The house is now completely wrapped in Tyvek and every single window in the house is new. Yes. That is every. single. window. Iowa winters can be really harsh. Living in a drafty farmhouse isn’t fun during those months. The previous siding was aluminum and under that was a foiled paper layer and then a very thin layer of styrofoam. When I say thin, I mean thin. Think of a styrofoam cup and it’s even thinner than that. Because of the age of the styrofoam, you could see the styrofoam beads pressed together. Under that layer was the original redwood siding.
When we started gutting the house, we noticed the house had insulation blown in between the studs. This insulation had really settled over the years and it was only about 3/4 of the way up the walls. In other words, our house was cold and it was a bit of a bear to heat and cool.
Now with all of the siding peeled off the house down to the shiplap, there is a new 1/2 inch foam core insulation layer, which is covered by the Tyvek. Add the new windows in along with the new HVAC system and this house should be much more comfortable in the winter and the summer. I’ve already noticed a difference in running the AC. I would have to keep ours at 68 degrees F just to keep the house cool. I’ve been able to run our new unit at 72 degrees F and sometimes, that’s almost too cool. I can tell this is going to be a really good change.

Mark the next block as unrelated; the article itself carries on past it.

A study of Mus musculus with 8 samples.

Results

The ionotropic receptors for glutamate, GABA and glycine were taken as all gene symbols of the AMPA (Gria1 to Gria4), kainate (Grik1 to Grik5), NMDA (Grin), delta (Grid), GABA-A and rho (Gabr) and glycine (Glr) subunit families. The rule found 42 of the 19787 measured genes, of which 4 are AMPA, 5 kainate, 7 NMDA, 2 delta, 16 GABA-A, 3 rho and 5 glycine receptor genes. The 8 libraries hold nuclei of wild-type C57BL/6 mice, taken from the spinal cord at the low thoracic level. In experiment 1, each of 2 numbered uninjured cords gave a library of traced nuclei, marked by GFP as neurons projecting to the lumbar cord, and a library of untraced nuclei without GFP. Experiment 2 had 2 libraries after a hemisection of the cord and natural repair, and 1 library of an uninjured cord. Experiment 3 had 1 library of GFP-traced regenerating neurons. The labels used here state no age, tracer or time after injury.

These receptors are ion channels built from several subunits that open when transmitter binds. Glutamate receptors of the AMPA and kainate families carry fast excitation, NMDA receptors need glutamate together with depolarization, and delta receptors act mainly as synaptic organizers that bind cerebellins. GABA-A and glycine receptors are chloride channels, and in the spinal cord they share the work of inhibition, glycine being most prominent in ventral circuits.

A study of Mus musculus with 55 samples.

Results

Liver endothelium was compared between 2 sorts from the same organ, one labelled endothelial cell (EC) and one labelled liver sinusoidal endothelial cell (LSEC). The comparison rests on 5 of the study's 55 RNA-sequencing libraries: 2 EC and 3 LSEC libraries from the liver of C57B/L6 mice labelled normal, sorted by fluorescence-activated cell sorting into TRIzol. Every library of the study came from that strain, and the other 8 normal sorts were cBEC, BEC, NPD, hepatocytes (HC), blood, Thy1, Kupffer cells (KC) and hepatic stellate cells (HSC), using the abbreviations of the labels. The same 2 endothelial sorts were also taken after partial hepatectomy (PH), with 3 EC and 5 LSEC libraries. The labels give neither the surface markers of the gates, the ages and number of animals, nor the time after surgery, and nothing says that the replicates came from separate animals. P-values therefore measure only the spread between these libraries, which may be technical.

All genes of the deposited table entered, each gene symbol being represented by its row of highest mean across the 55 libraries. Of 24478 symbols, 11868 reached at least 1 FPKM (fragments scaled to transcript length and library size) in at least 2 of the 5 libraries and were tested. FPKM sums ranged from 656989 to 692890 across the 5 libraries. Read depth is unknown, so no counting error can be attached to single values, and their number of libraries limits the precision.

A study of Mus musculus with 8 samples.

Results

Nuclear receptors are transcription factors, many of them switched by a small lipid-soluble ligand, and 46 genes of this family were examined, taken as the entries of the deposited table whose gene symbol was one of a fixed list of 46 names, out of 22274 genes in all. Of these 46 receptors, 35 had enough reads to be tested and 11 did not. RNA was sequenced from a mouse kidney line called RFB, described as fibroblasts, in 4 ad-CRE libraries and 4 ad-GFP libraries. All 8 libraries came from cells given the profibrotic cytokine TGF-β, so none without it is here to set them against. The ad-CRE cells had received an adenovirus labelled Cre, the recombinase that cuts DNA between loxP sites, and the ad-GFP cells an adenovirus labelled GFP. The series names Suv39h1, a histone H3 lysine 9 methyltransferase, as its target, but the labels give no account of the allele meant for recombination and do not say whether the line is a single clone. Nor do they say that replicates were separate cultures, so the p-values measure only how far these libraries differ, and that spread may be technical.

I love how neat and clean the Tyvek wrap looks. This is a huge improvement over what we had.
You can see all the layers and the new improvements in this picture. This is the kitchen window on the north side of the house. Long ago, my husband and I decided we wouldn’t put that many windows on the north side of the house just because of the winters. It’ll look a little out of balance having just two on a side where there would normally be four, but I’ll figure out something. It might be a good place to hang a barn quilt. I’m not sure I’ve ever seen a barn quilt on a house in these parts. I could be a trendsetter!
Try to ignore the messy kitchen (I do), but I wanted to show off my new kitchen window. I haven’t been able to open my kitchen windows in years. It’s been awesome having the windows open while I’m still having to wash the dishes by hand. I like the low-e glass on these windows. They have a slight tint to them that protects the interior house from the UV rays.
The improvements are happening a little at a time.
Salvaging A Farmhouse is a series of blog posts that chronicle my experience of renovating and reclaiming our 1900 farmhouse. This is a project that is over a decade in the making. We were working towards some pretty serious renovations on the house until my husband became sick with Non-Hodgkin’s Lymphoma and died 9 weeks after his diagnosis. My kids and I have been left with the task of completing what we started all those years ago. Every house and every family have a story and this is the story of ours.